By Avery Lawrence, DCschoolHUB Correspondent
In part one we went through some of the sobering statistics about private schools and their swift decline in popularity and enrollment. I like problems because they give you something to do: solve them. Also in part one I laid the groundwork for which schools I feel will survive and how. In part two we’ll dive deeper into which schools have the best chance of saying ‘welcome to the new school year’.
Which Ones Will Survive:
- The Apotheosized BIGs – The big schools in DC proper that are sited in every Tanya, Dick, and Harriet article about DC area private schools. See part one for the full description.
- The Disrupters – Traditional is out. I want a school that allows students to zip line from class to class AND explain to me how brain research demonstrates how that improves cognitive functioning and will help my little bundle of joy be accepted to Princeton (Harvard is so overused). Seriously though, sort of, the schools that will survive are those who adapt to the desires of parents AND kids. Wowing families needs to be visible. Don’t believe me? Find out from your favorite private school what the CTR is of the webpage with the curriculum guide. I bet it’s way down there. At the top: 1. Tuition 2. Anything that reads exciting and you think your kids will want to do.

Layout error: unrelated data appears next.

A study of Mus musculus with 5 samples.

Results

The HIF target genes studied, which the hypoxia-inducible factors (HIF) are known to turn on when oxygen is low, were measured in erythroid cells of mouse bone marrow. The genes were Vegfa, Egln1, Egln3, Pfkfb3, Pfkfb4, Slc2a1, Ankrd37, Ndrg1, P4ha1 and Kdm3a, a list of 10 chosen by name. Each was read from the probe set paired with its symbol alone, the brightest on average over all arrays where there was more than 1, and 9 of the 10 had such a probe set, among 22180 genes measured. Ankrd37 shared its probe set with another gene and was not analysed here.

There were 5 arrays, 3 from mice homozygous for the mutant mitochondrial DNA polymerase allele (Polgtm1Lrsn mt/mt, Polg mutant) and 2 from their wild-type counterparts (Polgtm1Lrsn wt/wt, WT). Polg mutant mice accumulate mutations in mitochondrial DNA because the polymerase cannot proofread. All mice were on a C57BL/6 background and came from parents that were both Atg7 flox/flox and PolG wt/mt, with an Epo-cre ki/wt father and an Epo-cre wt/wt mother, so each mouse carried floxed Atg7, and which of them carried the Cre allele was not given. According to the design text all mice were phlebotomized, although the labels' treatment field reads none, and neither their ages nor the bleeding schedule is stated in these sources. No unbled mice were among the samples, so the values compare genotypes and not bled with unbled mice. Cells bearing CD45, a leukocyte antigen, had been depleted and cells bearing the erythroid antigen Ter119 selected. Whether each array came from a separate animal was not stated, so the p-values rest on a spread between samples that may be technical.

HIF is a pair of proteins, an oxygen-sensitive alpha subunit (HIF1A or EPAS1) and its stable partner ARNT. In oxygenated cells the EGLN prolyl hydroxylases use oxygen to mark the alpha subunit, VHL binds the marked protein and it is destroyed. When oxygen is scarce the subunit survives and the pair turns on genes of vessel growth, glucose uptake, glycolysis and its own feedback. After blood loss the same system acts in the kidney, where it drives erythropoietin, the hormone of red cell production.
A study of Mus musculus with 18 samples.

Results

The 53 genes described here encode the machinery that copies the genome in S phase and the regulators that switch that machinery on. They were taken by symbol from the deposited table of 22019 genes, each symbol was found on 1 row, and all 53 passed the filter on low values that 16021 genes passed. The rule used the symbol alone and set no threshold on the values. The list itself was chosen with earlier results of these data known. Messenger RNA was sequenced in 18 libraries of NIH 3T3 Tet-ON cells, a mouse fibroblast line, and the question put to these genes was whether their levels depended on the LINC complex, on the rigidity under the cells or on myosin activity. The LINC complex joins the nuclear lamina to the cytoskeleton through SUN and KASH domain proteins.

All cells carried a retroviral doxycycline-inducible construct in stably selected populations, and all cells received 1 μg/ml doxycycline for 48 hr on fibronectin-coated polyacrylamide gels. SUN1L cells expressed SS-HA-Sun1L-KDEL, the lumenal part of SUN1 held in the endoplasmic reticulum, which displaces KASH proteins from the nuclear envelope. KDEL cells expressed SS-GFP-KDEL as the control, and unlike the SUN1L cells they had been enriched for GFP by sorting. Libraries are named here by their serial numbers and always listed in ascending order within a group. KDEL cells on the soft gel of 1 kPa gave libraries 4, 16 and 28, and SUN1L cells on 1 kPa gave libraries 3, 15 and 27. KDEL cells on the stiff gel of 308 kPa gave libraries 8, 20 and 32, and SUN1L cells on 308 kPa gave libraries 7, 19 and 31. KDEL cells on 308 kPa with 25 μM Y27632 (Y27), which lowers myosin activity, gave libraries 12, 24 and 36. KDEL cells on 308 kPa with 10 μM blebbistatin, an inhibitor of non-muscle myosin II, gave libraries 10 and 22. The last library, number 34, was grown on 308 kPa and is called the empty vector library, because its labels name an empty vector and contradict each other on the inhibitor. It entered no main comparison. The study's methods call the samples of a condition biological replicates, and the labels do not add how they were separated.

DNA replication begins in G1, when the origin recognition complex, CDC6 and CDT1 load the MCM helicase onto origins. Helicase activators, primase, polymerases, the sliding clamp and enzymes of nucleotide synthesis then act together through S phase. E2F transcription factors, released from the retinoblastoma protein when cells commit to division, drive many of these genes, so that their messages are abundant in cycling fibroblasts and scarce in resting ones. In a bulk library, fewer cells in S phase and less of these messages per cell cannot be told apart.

How Can They Survive:
- Lower your dang tuition! – Nuff said. See part one for the full description.
- Acumenical Studies – No, I didn’t spell ecumenical wrong. I don’t even know what that means. What I mean is that kids should be studying things that will actually help them become better people. English, yes. Math, yes. Science. Maybe. Social studies, ehhh. Let’s be honest, do you really need to know what a noble gas is or who shot JFK? They are interesting and if you want to pursue careers in science and history you should definitely learn about them. But how about PMI is, what about an ETF? I have yet to meet a 65 year old who wished they knew the difference between a cell wall and a cell membrane. I have met several 65 year olds who cannot understand why their retirement fund will only last for 5 years.